Hyundai has been hinting at a pluckier i30 N for some time. At the 2018 Paris Motor Show, Hyundai debuted the i30 N Option, which displayed various lightweight and aerodynamic performance parts. In a lot of ways, the Project C is the production realization of that concept. Hyundai says the C in Project C stands for three things: the "Area C" test track at its Namyang research and development facilities, carbon fiber, and center of gravity. The latter two are indicative of some of the changes Hyundai made to the i30 N. 

The Project C focuses on lightness and grip rather than power, so the engine is carried over from the i30 N with the Performance Package. The tuned turbocharged 2.0-liter four-cylinder engine makes 271 horsepower at 6,000 rpm and 260 lb-ft of torque at 1,450 rpm (279 lb-ft in overboost). Hyundai did retune the drive modes for better responsiveness and claims zero to 62 mph in 6.0 seconds and a 155-mph top speed.

More important is the car's heft. The Project C has a curb weight of 3,075 pounds, which is approximately 110 pounds lighter than the i30 N.  Much of that reduction is accomplished with carbon-fiber reinforced plastic (CFRP), which has not been used on a production Hyundai road car before. The glossy CFRP is used for the hood, front splitter, rear diffuser, side sills, and on the backing of the competition-spec front bucket seats. The 19-inch forged OZ racing wheels account for 48.5 pounds of the weight loss, as well.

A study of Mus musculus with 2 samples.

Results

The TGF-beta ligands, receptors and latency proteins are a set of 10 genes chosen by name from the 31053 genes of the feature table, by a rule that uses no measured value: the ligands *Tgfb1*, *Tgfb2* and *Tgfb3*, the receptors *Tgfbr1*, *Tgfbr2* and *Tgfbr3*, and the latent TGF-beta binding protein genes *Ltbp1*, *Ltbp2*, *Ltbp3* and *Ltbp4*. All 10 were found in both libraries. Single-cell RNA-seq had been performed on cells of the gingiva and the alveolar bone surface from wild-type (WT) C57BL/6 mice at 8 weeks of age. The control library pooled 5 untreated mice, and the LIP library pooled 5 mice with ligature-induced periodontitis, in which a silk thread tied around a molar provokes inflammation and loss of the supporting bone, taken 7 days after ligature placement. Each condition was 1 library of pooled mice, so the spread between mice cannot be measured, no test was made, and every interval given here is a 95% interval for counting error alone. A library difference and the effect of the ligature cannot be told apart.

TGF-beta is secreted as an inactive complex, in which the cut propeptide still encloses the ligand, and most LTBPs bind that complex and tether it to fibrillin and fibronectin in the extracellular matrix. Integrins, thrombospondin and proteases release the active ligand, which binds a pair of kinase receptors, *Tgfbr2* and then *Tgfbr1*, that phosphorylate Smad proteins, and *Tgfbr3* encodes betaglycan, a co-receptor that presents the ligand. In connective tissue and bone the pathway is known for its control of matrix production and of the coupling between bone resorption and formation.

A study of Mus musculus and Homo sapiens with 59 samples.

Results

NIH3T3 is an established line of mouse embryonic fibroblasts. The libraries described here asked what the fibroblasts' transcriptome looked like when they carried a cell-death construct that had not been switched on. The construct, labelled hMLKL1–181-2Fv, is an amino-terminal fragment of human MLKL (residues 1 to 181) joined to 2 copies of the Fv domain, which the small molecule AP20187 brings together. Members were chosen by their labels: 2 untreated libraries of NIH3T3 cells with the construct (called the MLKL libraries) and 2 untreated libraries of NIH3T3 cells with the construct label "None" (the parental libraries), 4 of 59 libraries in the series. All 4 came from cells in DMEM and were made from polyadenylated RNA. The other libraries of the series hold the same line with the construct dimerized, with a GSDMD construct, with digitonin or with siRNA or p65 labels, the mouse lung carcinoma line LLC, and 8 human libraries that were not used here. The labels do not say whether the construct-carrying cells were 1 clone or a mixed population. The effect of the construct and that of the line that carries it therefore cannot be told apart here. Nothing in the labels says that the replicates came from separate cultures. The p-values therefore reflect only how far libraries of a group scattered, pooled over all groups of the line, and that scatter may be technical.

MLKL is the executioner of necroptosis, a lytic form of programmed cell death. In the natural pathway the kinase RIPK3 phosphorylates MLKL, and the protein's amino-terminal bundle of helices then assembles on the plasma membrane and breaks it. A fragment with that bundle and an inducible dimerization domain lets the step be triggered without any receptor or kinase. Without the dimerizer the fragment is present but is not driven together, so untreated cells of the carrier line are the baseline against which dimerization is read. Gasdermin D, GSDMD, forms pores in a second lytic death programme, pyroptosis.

Further honing the car's corner-carving abilities, the dampers have been recalibrated, and shorter suspension springs were swapped in. The Project C sits 6 mm lower, which helps lower the center of gravity height by about 8.8 mm. The Project C also pulls the "rear cargo zone stiffness bar" from the i30 N's performance Package.

Inside, Hyundai added Alcantara to the steering wheel, handbrake lever, and manual shift lever, which also has a brushed aluminum know shaped like a pistonhead. Contrasting against the dark matte gray exterior, Deep Orange brake calipers match contrast seat stitching, seatbelts, and steering wheel accents. A final touch is a x/600 badge on the passenger side that indicates the limited run of 600 examples.

Unfortunately, all 600 are dedicated to European markets. Maybe the U.S. will see a Veloster N Project C with similar trimmings in the future.